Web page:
Since I'm shooting black powder lately I thought I'd make a powder horn. Making a basic horn is pretty easy. Here's the cow horn I started with. It was was about 12" long:
The first step is to remove any 'scale', a loose covering, from the horn. I did this with a file. Then I cut the big end square so it could receive an end cap, cut the tip off, and bored the spout hole.
Already it isn't so gross :-) I assure you, it smelled like a cow.
I bored the spout to 1/4" using a standard twist drill bit. But the stopper will hold more securely if the hole is tapered, not straight sided. Being totally cheap, I wasn't about to buy a tapered reamer. Instead, I made one using from a piece of bar stock using a hacksaw and a few files. The taper is 1/16" over 1 1/4". I sawed a 5/16" wide finger in the bar stock then filed one edge so it tapered to 1/4" at the end. I selected one corner to be the cutting edge. I rounded the two opposite corners. Then I relieved the remaining corner so it wouldn't rub.
In this picture you can see the taper clearly. The shoulders at the wide end of the taper serve as a depth stop - when the shoulders touch the spout, the tapered hole is finished.
In the next picture, the geometry of the reamer is a little more evident. The 'rounded' corners on the right ride against the far side of the hole. The corner on the left top is the relieved edge. The remaining edge (left bottom) is the cutting edge.
I turned a cherry stopper on the lathe taking care to produce the same taper. Here's the stopper in the spout.
The next step was to fashion the end cap, a wooden plug glued into the end of the horn. Normally the large end is rounded using heat and a form. Then a round end cap fits very well. I opted to leave the horn in its natural shape pare the end cap to fit. Sometimes the end caps are inserted all the way into the horn. I wanted this end cap to protrude from the horn and overlap it's edges. I traced the large end of the horn onto a piece of 3/4" cherry then bandsawed the cap, adding some 'diameter' for the overlap I wanted.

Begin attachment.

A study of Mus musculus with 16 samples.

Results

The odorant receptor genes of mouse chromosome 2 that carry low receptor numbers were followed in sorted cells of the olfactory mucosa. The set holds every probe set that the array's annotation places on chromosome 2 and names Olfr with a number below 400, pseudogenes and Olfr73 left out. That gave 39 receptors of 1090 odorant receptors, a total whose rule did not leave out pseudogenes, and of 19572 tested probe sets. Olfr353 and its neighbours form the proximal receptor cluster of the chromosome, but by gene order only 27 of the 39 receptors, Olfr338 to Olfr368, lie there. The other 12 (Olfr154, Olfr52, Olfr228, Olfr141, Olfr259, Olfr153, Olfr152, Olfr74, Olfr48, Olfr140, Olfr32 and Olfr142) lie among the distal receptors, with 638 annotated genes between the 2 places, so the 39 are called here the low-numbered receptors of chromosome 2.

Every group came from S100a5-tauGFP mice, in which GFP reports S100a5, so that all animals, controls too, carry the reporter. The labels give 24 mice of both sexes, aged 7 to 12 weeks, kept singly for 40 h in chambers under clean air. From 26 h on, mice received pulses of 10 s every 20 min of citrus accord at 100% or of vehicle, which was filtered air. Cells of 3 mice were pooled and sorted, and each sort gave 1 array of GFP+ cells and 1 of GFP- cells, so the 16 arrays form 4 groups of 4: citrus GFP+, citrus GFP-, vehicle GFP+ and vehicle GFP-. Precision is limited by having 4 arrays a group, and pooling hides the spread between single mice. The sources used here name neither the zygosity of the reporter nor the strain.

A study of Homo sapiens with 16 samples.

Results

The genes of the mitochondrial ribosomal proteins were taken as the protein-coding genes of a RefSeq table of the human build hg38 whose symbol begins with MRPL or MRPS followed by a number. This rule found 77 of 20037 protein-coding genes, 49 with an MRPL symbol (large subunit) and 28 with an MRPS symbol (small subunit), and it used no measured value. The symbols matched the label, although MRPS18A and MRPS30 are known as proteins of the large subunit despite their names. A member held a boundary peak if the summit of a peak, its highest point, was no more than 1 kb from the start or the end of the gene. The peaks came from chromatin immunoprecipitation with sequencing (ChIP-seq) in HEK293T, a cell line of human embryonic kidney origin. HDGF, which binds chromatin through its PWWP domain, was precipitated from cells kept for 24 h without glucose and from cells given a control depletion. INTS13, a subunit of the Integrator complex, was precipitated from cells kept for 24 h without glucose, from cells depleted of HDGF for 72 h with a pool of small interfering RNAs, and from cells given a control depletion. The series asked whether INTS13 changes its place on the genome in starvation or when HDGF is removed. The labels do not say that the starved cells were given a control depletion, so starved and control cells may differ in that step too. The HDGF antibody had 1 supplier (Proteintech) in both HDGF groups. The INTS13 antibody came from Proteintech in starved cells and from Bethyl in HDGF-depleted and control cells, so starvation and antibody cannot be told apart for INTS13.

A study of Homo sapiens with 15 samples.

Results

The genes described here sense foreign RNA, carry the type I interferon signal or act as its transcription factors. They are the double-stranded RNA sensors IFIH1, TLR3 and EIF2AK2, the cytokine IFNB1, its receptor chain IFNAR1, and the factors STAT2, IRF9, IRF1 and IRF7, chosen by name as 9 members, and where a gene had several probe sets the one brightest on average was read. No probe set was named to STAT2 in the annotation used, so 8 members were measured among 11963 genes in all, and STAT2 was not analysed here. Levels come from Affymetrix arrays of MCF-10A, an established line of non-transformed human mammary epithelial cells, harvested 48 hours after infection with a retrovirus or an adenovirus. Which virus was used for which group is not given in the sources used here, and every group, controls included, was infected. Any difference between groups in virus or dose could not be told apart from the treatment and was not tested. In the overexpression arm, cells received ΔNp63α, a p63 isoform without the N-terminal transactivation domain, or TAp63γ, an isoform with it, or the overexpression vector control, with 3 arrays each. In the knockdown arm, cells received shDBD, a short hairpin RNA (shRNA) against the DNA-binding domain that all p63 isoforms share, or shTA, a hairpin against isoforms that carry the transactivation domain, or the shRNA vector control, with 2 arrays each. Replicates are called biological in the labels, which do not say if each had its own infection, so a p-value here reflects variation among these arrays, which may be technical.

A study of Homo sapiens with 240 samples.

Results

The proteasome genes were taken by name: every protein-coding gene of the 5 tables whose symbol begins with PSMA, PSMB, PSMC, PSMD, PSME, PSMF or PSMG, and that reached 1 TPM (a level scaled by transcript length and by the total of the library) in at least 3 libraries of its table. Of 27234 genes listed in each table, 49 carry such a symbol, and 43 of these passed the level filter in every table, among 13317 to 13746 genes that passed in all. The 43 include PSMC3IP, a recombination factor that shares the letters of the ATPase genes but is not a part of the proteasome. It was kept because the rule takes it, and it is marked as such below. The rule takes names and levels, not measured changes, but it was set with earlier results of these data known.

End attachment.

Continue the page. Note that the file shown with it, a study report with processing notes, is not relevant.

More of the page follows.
I decided that 1/4" of the disk should remain outside the horn. To assure I had a clean shoulder to butt against the horn, I scribed a line around the circumference of the cap 1/4" from the 'outside' end. I sawed with a dovetail saw on the line all the way around to about 1/4" deep.
I pared the corners off the 'inside'-side of the blank so it would fit, if barely, into the horn. I rubbed a pencil lead on the inside of the horn to form a 'marking medium.' When I tried to insert the unshaped blank, it didn't go in far. The parts that rubbed on the inside of the horn picked up some graphite. This showed where the end cap was too large and prevented the end cap from seating properly. I pared off the graphite and a little wood underneath it then reinserted it. Now a different place rubbed and picked up some graphite. I pared that too. I repeated this fit/pare procedure until the lip I left on the end cap sat against flush against the end of the horn. This process, which is simple if tedious, eventually produces an end cap that fits beautifully.
After doing the fit/pare cycle about 100 times,... success.
Now horns are very thick at the pointy end. So thick, in fact, you can shape them easily using files, rasps, sandpaper, scrapers, etc. Powder horns frequently have a ring carved in them so they can be securely hung from a strap. I filed such a ring, then added flats to the spout to make a hexagon.
Once I was satisfied with the spout, I glued the end cap in. I used the entirely non-traditional Gorilla glue as it is waterproof and very strong. In addition, it expands when it cures hopefully plugging any gaps between the horn and the end cap. Common wood glue works too.
Once the glue cured I inserted 8 pegs around the circumference of the horn into the end cap. If the glue fails hopefully the pegs will prevent the end cap from popping off and dumping the powder onto the ground. Once the end cap was properly secured, I shaped it to my satisfaction using files, sandpaper, and steel wool. Then I carefully inserted a staple I made from a nail. I said previously that I carved a ring for one end of the carry strap. The staple holds the other end.
I think the perspective of the image is a little off - the staple isn't that large, lol.
A good going over with sand paper and steel wool finished the horn.
This was a very entertaining project. This horn is very spartan and is likely a fair representation of most 18th century horns. Most of these 'everyman' horns have been lost to time - there was no reason for people to save these relics. The next time I make a horn I'll try my hand at some more advanced carving and scrimshaw.